Wow...what a crazy last few weeks (has it been a whole month?) it's been! We decided to swap offices, which turned into a pretty major renovation on the garage/office (or groffice) which was become my sewing studio. It was badly converted by the previous owner and the dogs and my former cat did some pretty major damage to the old carpet that had been glued (!!??!) with ever so much glue down. So once all the stuff got moved out into various other parts of the house, including the dinning area and my loom room, the DH pulled out the stinky carpet and I went to work with stripper and a scraper.
Then I painted the walls, painted the floor (in the end, faster than putting down tiles or some sort and there are no cracks for any further doggie accidents, plus we can tile or linoleum over it) and moved in last weekend after a five day trip to Southern California to visit my grandmother for her 90th birthday, only no one had bothered to let me know she had been sick for all of March and was in a convalescent home until the week prior to the trip. She's 90, so things starting to go is not that surprising but still it would be nice to know that she was *that* sick.
But I digress.
While out in CA, I visited one of my favorite wool shops, Village Spinning and Weaving, which is where I got my spinning wheel, and they placed a wholesale order for my knitting needle cases! Hurray! My very first wholesale account! So in the midst of all this work space moving I've been trying to fill a wholesale order, stay current on the commission I have for later this month, and get the projects I have to do for events this month done. All I have to say about that is thank God my anxiety meds are working. This is all very good stuff, but it's more than I have had on my plate at once time since the accident.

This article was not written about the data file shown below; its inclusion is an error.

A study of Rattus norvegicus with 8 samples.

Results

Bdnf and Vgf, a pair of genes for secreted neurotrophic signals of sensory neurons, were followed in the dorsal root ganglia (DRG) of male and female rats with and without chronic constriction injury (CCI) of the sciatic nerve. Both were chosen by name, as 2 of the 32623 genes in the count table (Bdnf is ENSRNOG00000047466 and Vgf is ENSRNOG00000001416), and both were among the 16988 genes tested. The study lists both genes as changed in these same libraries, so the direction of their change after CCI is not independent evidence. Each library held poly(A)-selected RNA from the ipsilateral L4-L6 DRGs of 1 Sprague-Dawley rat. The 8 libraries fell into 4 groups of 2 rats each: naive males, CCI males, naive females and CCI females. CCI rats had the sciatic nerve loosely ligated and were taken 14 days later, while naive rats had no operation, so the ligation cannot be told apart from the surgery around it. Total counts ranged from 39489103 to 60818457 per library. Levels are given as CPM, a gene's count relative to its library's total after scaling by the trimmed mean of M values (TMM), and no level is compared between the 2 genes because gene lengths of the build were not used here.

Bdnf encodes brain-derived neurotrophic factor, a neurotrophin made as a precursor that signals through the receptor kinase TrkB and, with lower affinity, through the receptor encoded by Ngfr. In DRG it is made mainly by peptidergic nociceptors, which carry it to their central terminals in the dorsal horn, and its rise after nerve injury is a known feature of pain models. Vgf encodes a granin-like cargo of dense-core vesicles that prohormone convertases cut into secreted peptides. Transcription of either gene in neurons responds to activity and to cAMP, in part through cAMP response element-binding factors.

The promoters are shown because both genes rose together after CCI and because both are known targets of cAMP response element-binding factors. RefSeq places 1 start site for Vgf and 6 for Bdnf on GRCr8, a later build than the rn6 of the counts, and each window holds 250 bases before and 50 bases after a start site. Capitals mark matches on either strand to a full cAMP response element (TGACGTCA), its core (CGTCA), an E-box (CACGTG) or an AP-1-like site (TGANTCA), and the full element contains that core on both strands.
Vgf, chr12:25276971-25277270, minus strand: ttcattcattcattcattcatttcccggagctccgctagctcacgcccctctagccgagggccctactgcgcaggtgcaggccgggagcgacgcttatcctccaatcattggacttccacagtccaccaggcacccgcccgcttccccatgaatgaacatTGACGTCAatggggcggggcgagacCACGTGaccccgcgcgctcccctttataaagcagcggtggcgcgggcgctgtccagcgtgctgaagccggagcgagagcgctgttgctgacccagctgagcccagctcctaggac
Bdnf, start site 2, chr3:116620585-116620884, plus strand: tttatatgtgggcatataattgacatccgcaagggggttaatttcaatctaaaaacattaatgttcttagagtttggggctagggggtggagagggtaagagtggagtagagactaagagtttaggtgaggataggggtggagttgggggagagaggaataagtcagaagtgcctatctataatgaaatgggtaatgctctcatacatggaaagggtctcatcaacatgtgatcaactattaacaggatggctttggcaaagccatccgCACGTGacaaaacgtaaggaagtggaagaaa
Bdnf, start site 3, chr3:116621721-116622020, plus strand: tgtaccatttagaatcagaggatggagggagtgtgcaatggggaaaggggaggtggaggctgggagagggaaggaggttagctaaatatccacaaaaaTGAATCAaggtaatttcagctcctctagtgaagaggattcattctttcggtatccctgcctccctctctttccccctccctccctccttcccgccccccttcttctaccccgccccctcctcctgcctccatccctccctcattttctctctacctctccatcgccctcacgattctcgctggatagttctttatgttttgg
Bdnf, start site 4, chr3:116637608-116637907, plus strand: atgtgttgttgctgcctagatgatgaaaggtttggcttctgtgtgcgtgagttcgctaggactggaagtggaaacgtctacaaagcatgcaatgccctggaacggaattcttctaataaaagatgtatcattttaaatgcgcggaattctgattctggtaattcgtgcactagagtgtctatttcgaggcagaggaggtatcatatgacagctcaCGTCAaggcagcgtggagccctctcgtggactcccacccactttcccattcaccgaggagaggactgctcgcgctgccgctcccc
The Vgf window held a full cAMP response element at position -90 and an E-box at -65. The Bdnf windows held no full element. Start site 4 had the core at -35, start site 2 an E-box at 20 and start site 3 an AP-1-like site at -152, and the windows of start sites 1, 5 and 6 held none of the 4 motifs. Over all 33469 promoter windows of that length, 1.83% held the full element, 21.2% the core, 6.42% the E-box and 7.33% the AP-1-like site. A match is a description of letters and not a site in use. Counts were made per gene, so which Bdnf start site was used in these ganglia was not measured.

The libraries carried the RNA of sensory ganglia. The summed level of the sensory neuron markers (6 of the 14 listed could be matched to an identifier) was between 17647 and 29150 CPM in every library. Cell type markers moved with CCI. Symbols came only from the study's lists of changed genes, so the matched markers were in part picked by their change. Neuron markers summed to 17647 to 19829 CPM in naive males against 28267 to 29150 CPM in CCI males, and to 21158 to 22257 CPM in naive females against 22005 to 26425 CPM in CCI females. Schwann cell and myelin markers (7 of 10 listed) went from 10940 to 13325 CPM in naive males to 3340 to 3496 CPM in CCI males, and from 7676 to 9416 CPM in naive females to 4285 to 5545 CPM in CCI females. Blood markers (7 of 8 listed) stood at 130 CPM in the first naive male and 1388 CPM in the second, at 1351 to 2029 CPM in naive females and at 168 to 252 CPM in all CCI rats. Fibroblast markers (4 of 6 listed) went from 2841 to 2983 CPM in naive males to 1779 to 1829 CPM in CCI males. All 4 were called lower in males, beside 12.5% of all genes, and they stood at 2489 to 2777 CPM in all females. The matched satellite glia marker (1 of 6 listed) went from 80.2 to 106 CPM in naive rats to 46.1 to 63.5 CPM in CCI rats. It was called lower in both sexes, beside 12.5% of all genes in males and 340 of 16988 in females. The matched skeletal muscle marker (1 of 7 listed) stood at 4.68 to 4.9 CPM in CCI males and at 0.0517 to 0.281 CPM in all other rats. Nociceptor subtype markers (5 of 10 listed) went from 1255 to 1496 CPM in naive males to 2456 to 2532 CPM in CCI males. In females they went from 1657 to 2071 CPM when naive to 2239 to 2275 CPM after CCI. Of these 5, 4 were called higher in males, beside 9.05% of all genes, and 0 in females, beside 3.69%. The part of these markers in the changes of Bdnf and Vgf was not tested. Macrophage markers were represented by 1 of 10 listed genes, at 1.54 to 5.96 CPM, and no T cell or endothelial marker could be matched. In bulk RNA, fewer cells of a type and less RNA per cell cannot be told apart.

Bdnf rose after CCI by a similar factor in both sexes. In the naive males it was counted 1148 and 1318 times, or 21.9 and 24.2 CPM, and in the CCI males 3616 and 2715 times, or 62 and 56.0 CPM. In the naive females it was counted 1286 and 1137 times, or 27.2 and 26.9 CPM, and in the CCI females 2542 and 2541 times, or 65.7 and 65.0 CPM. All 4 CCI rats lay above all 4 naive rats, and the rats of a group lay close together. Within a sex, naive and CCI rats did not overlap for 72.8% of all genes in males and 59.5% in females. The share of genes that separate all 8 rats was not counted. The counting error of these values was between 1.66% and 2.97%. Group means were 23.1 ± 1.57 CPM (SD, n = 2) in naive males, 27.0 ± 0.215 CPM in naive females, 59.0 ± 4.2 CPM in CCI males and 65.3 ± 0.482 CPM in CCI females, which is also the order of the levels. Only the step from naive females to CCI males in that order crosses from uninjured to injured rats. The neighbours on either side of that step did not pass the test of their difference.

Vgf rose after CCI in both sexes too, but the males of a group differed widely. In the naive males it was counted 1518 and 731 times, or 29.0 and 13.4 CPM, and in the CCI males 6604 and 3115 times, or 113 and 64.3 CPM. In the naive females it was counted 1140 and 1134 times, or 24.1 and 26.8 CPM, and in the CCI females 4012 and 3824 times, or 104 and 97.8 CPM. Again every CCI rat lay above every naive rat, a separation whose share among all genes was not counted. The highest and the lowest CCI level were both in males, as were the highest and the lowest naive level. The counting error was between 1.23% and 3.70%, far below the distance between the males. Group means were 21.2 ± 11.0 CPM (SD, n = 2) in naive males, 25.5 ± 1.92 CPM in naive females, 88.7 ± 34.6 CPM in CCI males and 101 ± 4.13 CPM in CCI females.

Anyhow, one of the commissions I have right now is for a pair of men's hose appropriate for a Norman persona. The client is a member of my Viking living history group and lives in North Carolina, so the authenticity standard is high and the availability of his leg for fittings is low. I will see him next weekend, so that plan is have a mock up ready for him, and hopefully cut out and at least start assembling the hose (mostly by hand) at the reenactment event we will be at. My usual method of draping a hose pattern clearly isn't going to work here, so I had to figure out how to flat pattern hose. Luckily I found a hose drafting tutorial at the Medeival Tailor! Hurray! The only problem with it is that the foot shape isn't quite what I wanted for an early period set of hose, she's got a simplified version of the London hose with a flat, inset sole peice, which as it turns out is documentable, but the more typical shape for early period seems to the stirrup style you see in the original London hose, the Greenland finds, and even a pair of Roman hose. There is a seam under the foot in this style of hose, which can be a little weird for modern feet to adjust to, but done in wool the seam would compact and not be a problem.
I decided to use my husband's linen hose and a set of wool hose for myself as a test to get the foot shaping right and what do you know but this is even easier than draping! It helps that the pattern shaping is fundamentally simpler than the gore type hose I was making before, but I think you can see from the photo that it fits quite nicely. This pair was made up after one fitting, after which the only modifications I had to make were to take in the toe area and adjust the curve of the heel. I could have probably avoid the toe adjustment if I had taken more measurements of the foot, but I wanted to work with the measurements I had of my client. Getting the heel curve right I suspect just takes some practice and a little adjustment, not a big deal.
I will have to write up how I did this, as TMT's directions are really only useful until you get to the bottom of the leg, once you get into the foot shaping things go a little funny if you want the seam under the foot sort of hose. To give you some idea, I was able to get the pattern drafted, fit and a pair of hose constructed in less than 3 hours, as compared to the 6 it took when draping just to get a pattern. I still need to hand finish the seams but that's a huge time-saver.